I have a form that has rather a lot of fields. 81 in total. And they need to be uploaded to a database. The form is a new car order form so it contains information such as customer details, dealer details, car details etc. As this info needs to be kept potentially forever, I need to have the dealer details in this database (I thought of refering to the dealer database for their addresses etc) but then this wouldn't work if the addresses changed.
I just wondered if having such a huge table is a problem. I did do database design at Uni but I don't ever remember them saying there was a limit to the number of fields.
There is a limit on the number of columns in a table, but I can't think of any database engine that would have trouble with 81 columns. You might want to think about normalizing the data, since that will make things much easier to manage later, but you shouldn't need to do it just to reduce the number of columns in a table.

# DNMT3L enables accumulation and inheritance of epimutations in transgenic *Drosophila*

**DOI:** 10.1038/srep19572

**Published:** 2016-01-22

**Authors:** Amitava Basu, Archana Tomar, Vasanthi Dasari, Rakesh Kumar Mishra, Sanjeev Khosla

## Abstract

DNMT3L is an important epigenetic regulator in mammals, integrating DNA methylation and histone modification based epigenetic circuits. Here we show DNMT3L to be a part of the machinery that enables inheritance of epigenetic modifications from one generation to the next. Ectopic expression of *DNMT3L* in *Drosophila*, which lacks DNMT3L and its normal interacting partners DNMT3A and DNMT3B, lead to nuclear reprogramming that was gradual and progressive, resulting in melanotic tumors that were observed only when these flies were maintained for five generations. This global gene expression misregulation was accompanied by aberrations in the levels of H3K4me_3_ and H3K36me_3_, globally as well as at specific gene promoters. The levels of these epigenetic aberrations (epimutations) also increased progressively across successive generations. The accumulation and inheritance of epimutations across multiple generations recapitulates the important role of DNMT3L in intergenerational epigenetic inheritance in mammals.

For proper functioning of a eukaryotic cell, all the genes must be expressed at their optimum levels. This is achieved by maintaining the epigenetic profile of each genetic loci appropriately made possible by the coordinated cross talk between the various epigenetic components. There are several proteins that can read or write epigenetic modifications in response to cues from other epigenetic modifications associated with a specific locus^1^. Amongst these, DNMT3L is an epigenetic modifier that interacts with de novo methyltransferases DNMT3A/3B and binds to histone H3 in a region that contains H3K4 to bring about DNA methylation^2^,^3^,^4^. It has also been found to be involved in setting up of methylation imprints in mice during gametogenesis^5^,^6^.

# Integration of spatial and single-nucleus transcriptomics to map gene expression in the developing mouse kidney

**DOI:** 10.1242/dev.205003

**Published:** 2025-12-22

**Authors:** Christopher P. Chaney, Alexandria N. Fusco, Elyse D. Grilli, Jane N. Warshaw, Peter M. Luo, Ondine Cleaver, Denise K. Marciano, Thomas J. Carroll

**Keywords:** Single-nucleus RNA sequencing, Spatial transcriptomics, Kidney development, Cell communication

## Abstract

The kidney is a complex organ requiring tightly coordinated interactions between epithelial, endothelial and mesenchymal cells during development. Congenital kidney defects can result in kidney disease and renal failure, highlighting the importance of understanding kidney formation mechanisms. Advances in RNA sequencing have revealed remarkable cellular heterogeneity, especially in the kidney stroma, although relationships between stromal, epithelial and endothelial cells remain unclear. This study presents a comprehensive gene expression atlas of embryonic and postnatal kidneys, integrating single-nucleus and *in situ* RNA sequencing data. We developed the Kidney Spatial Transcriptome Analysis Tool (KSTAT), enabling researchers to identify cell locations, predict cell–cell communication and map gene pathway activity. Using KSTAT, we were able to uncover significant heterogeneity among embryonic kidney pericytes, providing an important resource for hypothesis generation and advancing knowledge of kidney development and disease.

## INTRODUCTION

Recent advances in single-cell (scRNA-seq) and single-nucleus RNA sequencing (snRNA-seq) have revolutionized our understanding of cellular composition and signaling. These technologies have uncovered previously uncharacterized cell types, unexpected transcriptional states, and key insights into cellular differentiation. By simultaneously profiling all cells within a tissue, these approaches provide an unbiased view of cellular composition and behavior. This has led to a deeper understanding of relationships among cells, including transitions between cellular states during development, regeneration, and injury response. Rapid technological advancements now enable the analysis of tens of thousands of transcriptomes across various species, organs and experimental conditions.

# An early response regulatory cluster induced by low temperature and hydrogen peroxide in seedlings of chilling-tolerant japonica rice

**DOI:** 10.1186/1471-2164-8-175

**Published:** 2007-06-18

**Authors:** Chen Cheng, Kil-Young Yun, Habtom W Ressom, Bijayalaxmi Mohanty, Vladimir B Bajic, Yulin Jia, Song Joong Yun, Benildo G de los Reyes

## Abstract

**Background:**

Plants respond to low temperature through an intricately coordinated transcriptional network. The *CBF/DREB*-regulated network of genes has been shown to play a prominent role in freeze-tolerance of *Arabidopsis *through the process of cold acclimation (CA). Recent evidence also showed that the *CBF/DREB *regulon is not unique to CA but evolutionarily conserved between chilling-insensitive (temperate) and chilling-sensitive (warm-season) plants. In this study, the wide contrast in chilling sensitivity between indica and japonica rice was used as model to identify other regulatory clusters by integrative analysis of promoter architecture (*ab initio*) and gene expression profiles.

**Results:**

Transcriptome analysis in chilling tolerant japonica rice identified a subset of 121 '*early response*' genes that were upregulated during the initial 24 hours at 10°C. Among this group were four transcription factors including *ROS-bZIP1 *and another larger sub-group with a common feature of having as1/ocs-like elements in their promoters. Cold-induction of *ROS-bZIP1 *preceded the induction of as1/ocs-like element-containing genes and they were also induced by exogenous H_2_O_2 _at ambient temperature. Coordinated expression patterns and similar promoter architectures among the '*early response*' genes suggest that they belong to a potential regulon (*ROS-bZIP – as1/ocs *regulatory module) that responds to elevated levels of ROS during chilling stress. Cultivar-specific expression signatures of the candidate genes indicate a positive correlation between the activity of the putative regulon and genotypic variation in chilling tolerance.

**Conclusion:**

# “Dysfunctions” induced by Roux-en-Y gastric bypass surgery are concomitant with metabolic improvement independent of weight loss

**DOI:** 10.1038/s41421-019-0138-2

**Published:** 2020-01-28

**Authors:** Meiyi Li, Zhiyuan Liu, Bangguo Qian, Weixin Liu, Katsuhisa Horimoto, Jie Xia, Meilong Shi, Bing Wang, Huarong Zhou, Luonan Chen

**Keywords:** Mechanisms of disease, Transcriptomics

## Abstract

Columns in table: 2599, 1024, 1000 for MySQL, MS SQL Server, and Oracle, respectively. This is taken from www.mysql.com (from their feature comparison page)
I took a quick look, but couldn't find their feature comparison page. I'd like to see what else they compare, and whether this is supposed to be a selling point ("forget those 1000-column limitation blues! Get twice the columns with MySQL!!!")
"I did do database design at Uni but I don't ever remember them saying there was a limit to the number of fields."
Back when Codd designed the relational model he underestimated the future power of computers. He said, "640 is enough for anybody." So now we're stuck: you can't have more than 640 fields in a table, and that's why the industry is moving to modern technologies like XML.